Bielefeld City Clinic will use RFID to track beds and mattresses as they move through an automated washing system, to make sure they're properly cleaned and to cut down on unnecessary procedures.
By Rhea Wessel
Once a patient no longer needs a bed, a head nurse uses the hospital's bed-management software, known as b.loc, to indicate whether that bed and its mattress should be completely disinfected or just cleaned (based, for example, on whether the patient using the bed had a highly infectious disease, or just a twisted knee). Another nurse or assistant brings the bed into the hallway, where it is eventually wheeled to an elevator and taken to the basement.

Upon arrival at the basement, the beds are taken to a central holding room. From there, workers push the beds past a wall-mounted RFID interrogator antenna, which reads the mattress and bed tags. The computer system informs the employees where to send each bed—either through an automatic bed-washing machine with the highest heat and longest duration settings, or through another one that merely washes down the beds. The bed is taken to the appropriate station, where its wheels are placed on a track, much like that used in an automatic car wash.


Thomas Jell
The track transports the bed and mattress through the station, until it emerges dry on the other end. At that point, the second and final tag interrogation is conducted, and the system is updated so hospital administrators can determine the number of available clean beds at any given time.

Each bed and mattress is tagged individually, because the hospital requires separate information regarding availability. A bed might need to be repaired but its mattress might be immediately reusable, or vice versa. After the cleaning, a worker checks the bed and mattress to make sure neither has been damaged, then wraps a green sheath over them to keep out dust until the bed can be reused. During the testing period, the hospital employed roughly 500 tags, 250 on beds and the other half on mattresses.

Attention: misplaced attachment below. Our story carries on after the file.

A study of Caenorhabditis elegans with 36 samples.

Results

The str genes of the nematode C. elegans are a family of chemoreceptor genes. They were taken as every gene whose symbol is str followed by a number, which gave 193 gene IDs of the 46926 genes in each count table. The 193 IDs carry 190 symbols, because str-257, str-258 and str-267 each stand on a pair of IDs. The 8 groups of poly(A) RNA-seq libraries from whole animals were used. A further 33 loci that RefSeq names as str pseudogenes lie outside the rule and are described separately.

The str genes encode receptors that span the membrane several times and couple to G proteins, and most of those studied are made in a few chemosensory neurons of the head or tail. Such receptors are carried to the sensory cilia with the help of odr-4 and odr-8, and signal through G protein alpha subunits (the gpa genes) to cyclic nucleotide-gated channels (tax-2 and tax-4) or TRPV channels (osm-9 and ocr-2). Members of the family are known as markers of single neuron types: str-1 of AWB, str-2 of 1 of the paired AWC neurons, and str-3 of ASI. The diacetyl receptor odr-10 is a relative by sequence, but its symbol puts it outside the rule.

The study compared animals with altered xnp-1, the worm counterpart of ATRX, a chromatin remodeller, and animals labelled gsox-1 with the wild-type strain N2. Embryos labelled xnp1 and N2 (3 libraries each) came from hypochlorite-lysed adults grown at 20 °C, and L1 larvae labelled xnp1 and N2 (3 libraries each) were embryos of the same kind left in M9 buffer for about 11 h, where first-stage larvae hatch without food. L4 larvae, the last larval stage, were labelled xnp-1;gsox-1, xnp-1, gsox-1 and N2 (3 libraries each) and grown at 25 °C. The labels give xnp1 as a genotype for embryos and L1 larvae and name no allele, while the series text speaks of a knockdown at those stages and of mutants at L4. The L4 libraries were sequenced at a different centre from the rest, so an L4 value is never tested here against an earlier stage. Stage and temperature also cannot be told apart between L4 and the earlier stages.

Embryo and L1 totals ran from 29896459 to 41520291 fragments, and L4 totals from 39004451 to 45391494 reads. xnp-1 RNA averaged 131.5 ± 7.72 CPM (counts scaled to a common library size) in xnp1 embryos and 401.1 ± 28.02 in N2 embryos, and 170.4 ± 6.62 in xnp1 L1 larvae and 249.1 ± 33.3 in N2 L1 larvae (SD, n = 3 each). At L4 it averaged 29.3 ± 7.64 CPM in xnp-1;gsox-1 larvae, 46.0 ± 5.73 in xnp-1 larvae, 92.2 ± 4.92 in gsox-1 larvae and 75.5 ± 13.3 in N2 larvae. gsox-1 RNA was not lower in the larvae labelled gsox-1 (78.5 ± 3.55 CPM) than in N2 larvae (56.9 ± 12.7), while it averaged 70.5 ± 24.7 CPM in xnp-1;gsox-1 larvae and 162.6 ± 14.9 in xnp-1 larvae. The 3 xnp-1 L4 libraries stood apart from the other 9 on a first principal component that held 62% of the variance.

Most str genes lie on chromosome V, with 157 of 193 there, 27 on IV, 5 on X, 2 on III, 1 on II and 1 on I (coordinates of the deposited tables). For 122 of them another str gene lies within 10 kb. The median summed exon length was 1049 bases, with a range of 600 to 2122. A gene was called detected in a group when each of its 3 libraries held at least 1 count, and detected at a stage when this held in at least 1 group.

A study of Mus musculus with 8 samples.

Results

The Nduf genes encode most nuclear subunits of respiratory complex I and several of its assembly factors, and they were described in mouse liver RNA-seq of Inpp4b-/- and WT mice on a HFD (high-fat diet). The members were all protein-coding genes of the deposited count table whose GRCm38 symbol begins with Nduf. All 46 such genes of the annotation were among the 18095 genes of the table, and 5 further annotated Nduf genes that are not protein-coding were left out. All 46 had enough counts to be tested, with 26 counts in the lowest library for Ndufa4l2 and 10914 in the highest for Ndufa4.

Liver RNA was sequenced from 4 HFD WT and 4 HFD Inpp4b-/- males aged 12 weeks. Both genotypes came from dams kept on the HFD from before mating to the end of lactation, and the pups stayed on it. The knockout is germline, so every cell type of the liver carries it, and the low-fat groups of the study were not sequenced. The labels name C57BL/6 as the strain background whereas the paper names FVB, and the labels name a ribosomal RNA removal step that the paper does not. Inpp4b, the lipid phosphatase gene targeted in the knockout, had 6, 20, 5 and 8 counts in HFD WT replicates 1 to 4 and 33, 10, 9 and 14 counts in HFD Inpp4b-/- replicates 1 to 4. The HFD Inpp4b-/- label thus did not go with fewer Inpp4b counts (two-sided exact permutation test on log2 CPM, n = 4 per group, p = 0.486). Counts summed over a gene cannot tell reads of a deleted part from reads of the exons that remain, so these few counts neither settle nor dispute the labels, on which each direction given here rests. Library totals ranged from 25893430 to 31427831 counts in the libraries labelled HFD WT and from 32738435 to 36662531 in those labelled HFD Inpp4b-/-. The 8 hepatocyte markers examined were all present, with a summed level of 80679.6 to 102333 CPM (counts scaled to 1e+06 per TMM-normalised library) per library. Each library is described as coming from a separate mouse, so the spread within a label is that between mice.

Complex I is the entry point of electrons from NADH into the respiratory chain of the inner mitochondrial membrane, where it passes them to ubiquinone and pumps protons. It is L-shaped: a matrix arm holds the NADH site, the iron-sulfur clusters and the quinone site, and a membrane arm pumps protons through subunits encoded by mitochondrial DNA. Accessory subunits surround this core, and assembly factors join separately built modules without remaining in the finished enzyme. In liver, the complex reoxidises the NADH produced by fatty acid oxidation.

Bielefeld City Clinics conducts about 40,000 to 50,000 cleanings per year. The hospital is interested in RFID because it hopes the application can save it money and reduce any potential environmental impact by cutting down on unnecessary cleanings. By discerning which beds need a full-works wash and which can be cleaned less vigorously, the hospital hopes to save on cleaning supplies, reduce working time for personnel and limit the need for bed-frame repairs (since the number of repairs rises consistently as the number of washings increases).

While preparing for the second phase of the project, the partners plan to interrogate tags as the beds and mattresses enter the bed-washing machine as well. Once this additional point is added to the process, a green or red light will indicate if workers are wheeling a bed toward the proper machine.